Just the other day, I had an interesting discussion with someone who is using remote resources on their project. We had a bit of a laugh over those people who constantly worry that remote resources might not be doing what they’re supposed to and, instead, goofing-off or, as we say in our industry jargon, “eating bon-bons.” Most projects are pretty savvy about this but what if your project is new to do this? How would you know, short of putting cameras on them?
Search Results for "remote"
In addition to the posts I recently made about remote teams, I also put together a “5 Tips for Remote Teams” post for LinkedIn. I’m not entirely clear if those are visible to the public. As a test, and for those of you who haven’t seen it, here is the link. Out of curiosity, please […]
Fairly recently, I’ve had conversations with a handful of LIMS/ELN vendors and services vendors about how they structure teams for customers. Some of them insist that they want people on-site most/all of the project, others stated that they seldom need their people to be on-site for projects, and yet others seem to float in the mid-range of 40-60% on-site.
In the old days, programmers would almost always have to go to a customer site to work on label development.
Today’s tools and strategies offer a myriad of ways to work remotely. Even considering this, working remotely has many technical challenges.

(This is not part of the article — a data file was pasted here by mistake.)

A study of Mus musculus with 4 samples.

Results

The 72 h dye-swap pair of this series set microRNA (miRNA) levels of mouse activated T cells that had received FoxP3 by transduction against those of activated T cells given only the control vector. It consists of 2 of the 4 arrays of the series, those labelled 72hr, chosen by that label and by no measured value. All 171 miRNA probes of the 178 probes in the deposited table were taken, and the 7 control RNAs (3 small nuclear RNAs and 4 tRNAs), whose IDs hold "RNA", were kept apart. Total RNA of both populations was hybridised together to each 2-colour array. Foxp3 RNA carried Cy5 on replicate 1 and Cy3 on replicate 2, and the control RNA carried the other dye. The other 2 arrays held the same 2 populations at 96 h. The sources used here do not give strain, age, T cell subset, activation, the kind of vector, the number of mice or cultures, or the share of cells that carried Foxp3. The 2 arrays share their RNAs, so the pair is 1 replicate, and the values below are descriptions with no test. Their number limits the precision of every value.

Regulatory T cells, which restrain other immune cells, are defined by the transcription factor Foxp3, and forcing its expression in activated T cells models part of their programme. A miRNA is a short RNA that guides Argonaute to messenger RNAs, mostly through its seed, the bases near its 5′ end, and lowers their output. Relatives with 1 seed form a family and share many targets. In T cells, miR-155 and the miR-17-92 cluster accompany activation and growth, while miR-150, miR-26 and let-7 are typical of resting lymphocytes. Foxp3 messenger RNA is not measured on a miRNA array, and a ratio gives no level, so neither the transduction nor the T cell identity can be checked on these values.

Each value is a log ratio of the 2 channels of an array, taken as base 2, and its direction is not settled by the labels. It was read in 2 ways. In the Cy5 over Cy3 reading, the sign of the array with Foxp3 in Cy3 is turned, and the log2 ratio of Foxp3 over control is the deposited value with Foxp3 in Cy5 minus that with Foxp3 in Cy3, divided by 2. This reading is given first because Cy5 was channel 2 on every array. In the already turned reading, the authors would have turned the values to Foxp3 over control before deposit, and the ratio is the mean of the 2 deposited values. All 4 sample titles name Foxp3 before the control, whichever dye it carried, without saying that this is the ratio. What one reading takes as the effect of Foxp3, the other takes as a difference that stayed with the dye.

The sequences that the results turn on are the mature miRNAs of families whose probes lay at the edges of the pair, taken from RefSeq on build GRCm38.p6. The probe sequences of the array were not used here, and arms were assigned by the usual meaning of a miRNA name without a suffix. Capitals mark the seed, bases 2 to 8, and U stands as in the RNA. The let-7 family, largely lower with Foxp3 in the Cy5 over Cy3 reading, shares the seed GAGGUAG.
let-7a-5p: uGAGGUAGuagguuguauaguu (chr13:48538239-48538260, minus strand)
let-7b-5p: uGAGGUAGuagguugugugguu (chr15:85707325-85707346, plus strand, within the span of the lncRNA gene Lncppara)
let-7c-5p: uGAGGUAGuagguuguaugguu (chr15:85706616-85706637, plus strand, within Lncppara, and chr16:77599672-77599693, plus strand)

Since much of my current team works remotely, we’ve become quite expert at remote work issues and techniques. One thing that our team does is to have off-site personnel come on-site for routine visits.
The customer for whom I’m making this post has a large team of whom a number of people are working from a variety of countries. This is the first time they’ve run a team in this manner in this department. I find that having one or two remote people is extremely common in the laboratory informatics industry, but having large parts of a team working from a variety of places is somewhat less common, though not rare.
Speech recognition and facial recognition have come a long way.
Printing labels for LIMS, ELN or LES is not always as easy as one might think.
Most recently, I’ve been working with a variety of small pharma/bio companies that need to purchase a QC (Quality Control) system for their laboratories. We could call it a LIMS but with the way acronyms abound, let’s just say that it will manage their samples, tests, results, workflows and reporting.